Flattery is overrated

My business partner Jeffrey Zeldman once said, “Don’t worry about people stealing your design work. Worry about the day they stop.” Decorative Illustration I smell what he’s cooking, but on a practical level, people who build websites should start taking the protection of their work seriously and stop complaining on Twitter when they find out someone ripped them off. Myself included.

When a website Happy Cog worked on launches, it is immediately scrutinized. Many of our peers view the source code, check for typos, examine if the web fonts are rendering appropriately, or see if they can find something misaligned or otherwise out of whack. If they find something, they tell us about it. It’s kind of amazing that people make the effort, and we appreciate that people care enough to do it.

Then there are the quiet few who simply choose to use our work as their own. Over the past couple of years, we’ve noticed quite a few instances of folks not just drawing inspiration from our designs, but downright ripping us off. And it’s infuriating.

The simple truth is this, there’s not a snowball’s chance in Scottsdale you have any sort or recourse if you haven’t taken the appropriate steps to protect your work. I’m not talking about simply slapping a Creative Commons license notice in the footer of your site, either. I’m talking about good old fashioned, slower-than-molasses copyright protection. According to the U.S. Copyright Office, “the original authorship appearing on a website may be protected by copyright. This includes writings, artwork, photographs, and other forms of authorship protected by copyright.” Check out the sassy Circular 66 [PDF], Copyright Registration for Online Works.

Make what’s yours, yours.

Now, I’m not a lawyer, so please don’t think I’m dealing legal advice (see the disclaimer at the end of this article). You should definitely talk to your own trusted counsel – let them school you on Creative Commons vs. governmental copyright protection. But, I’ve had a conversation or two about this topic with professionals who have walnut-framed degrees on their walls, and I have some experience to share.

So here’s a freebie for you—own your work by filing for a copyright as soon as you’ve presented your comps and your client has chosen a “final” design direction. You can get it filed using the awful copyright office website, through an intellectual property attorney, or through a myriad of other services. Don’t expect your copyright certificate right away—it will likely take the copyright office a long time to process your application. As of the time this article was published, the average time for the U.S. Copyright Office to process an e-Filing is three months, and the average processing time for paper forms is ten months. That said, it doesn’t mean you’re not protected under copyright law while your paperwork percolates.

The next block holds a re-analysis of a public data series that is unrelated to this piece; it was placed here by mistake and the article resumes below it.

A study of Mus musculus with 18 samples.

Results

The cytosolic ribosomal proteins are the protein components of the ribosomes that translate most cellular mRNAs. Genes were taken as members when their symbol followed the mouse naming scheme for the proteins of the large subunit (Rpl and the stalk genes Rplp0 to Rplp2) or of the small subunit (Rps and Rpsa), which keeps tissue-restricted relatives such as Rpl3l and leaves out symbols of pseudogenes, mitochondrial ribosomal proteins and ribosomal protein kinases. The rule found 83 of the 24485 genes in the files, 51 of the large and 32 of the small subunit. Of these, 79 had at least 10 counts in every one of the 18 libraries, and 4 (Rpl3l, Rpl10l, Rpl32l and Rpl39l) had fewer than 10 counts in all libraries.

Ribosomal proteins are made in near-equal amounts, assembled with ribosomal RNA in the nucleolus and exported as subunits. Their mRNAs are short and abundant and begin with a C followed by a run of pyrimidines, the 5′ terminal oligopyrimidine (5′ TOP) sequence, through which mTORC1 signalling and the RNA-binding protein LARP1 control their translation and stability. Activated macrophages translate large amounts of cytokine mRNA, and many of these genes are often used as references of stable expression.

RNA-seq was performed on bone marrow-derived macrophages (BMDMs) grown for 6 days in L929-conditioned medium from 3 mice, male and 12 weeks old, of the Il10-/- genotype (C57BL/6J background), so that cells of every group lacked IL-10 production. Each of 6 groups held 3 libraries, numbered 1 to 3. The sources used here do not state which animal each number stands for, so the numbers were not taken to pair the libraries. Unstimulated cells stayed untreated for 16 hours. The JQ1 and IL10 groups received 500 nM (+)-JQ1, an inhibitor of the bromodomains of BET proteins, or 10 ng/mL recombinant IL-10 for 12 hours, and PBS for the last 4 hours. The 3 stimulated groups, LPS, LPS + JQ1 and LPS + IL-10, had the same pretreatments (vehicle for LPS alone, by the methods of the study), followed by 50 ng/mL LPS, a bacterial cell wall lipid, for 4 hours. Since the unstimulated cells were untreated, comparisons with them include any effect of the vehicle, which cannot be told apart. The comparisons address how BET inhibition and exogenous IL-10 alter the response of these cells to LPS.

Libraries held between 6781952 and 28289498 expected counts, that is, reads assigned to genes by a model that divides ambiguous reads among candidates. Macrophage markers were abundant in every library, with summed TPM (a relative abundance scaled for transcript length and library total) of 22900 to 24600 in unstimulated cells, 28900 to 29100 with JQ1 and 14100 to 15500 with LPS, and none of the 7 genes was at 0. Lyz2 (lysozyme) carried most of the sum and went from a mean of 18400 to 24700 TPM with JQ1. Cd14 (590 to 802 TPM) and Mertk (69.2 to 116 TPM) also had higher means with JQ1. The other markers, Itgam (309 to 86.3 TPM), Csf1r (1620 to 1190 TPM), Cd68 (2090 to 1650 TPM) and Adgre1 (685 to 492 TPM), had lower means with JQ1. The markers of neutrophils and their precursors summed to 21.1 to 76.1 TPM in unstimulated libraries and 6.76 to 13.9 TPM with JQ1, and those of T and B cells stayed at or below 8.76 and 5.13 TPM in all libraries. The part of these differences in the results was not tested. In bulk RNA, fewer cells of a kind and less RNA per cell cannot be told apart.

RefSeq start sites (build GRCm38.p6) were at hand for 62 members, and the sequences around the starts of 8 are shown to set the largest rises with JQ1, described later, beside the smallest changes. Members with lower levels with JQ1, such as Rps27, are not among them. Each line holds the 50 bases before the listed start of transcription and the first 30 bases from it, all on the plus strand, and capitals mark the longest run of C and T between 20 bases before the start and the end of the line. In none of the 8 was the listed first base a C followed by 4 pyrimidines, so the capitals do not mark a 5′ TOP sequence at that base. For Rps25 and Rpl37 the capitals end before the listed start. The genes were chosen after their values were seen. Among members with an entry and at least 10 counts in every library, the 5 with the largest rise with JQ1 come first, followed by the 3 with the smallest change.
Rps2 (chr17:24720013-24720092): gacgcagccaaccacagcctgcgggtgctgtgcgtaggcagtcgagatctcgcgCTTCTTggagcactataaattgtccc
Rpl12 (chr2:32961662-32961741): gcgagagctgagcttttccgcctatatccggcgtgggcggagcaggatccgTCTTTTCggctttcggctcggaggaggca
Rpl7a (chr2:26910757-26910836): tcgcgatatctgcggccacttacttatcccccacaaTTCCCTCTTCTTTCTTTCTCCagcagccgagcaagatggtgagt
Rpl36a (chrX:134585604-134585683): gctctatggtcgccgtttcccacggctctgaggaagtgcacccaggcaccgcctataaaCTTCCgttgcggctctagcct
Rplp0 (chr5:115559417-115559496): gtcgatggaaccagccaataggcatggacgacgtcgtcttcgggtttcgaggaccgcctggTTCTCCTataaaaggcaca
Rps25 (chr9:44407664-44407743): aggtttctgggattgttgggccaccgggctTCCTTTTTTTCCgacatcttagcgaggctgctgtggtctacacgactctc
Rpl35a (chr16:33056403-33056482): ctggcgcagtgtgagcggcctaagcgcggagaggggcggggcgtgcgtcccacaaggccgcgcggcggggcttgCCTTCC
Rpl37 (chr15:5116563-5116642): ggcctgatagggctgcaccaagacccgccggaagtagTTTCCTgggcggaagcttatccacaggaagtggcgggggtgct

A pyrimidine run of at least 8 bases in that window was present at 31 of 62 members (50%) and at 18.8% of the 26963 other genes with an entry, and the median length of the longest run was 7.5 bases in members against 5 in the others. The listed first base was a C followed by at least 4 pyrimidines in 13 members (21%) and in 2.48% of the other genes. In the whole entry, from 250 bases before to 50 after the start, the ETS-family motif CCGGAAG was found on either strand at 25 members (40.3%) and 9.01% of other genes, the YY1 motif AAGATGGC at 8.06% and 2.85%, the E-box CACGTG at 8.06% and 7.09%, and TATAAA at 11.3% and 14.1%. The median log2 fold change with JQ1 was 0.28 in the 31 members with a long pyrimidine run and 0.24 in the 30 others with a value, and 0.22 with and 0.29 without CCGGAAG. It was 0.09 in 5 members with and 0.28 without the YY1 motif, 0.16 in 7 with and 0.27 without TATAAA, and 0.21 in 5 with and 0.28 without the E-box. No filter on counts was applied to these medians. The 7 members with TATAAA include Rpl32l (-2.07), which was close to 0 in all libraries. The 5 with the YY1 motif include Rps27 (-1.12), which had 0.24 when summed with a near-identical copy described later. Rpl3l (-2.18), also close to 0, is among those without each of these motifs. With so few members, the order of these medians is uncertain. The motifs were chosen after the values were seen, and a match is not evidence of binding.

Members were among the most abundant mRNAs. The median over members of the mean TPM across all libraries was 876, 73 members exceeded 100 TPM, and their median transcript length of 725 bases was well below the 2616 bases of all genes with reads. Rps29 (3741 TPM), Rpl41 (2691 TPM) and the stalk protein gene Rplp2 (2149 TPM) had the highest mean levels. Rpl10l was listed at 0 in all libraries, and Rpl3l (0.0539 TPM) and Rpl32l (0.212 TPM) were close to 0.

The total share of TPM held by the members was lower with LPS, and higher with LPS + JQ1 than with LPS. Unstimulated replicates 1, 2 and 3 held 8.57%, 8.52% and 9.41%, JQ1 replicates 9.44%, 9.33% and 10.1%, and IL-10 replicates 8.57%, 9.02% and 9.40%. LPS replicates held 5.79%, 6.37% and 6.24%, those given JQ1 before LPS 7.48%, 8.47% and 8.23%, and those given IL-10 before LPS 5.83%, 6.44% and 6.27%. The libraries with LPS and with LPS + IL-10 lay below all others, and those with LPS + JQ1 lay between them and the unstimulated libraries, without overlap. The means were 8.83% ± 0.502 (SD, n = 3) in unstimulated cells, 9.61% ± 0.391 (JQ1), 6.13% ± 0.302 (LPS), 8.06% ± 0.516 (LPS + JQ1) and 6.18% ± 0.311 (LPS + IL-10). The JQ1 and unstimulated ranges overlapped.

Then, after you turn the work over to your client and get paid for your final invoice, transfer the copyright over to them. Yep, you can do that. Enjoy Circular 1, Copyright Basics [PDF], in the ‘Transfer of Copyright’ section for a discussion of ownership. When you own it, you have the legal grounds to pursue the infringing party through appropriate legal channels. If your client owns the work, the onus is on them.

So how can you lay the groundwork for ownership in your client engagements? It starts with the contract. Ours states the following:

Ownership: Except as described below and unless otherwise agreed in writing by Happy Cog and Client, the copyright and all other rights relating to any design and/or code deliverables provided to the Client by or on behalf of Happy Cog pursuant to this Agreement (the “Intellectual Property”) will remain the property of Happy Cog or, where applicable, its licensors until payment in full for services rendered is received. Upon payment in full for the services and deliverables provided by or on behalf of Happy Cog pursuant to this Agreement:

  • Happy Cog will transfer to the Client (where applicable for the combined deliverables) full ownership of the Intellectual Property for Client’s own business purposes. In the case of any third party software, Happy Cog will transfer all applicable licenses or obtain a sub-license in favor of the Client in similar terms as listed above.
  • Happy Cog will provide Client with all source materials and files for further reference, re-use, and modifications as deemed appropriate by Client for Client’s own business purposes.
  • Happy Cog warrants to the Client that to the best of its knowledge, it has the right to grant the licenses referred to in this Agreement, and the use by the Client of any deliverables or works provided by Happy Cog will not infringe the rights of any third party.

Feel free to use this clause in your own contract, or modify it as you wish with the assistance of an intellectual property attorney.

Also, here are some interesting links to check out on the topic of copyright protection:

If you’ve been the victim of infringement, I’d be interested in knowing what your stories are and how you dealt with them. To the extent that you can, please share your thoughts with the class.

Now go out there and start protecting what’s yours.

Disclaimer: I am not a lawyer, and I am not licensed to give legal advice. This article is not intended as legal advice, it’s intended to spur discussion and to provide only general information. This article is not intended to cover all the issues related to the topic discussed.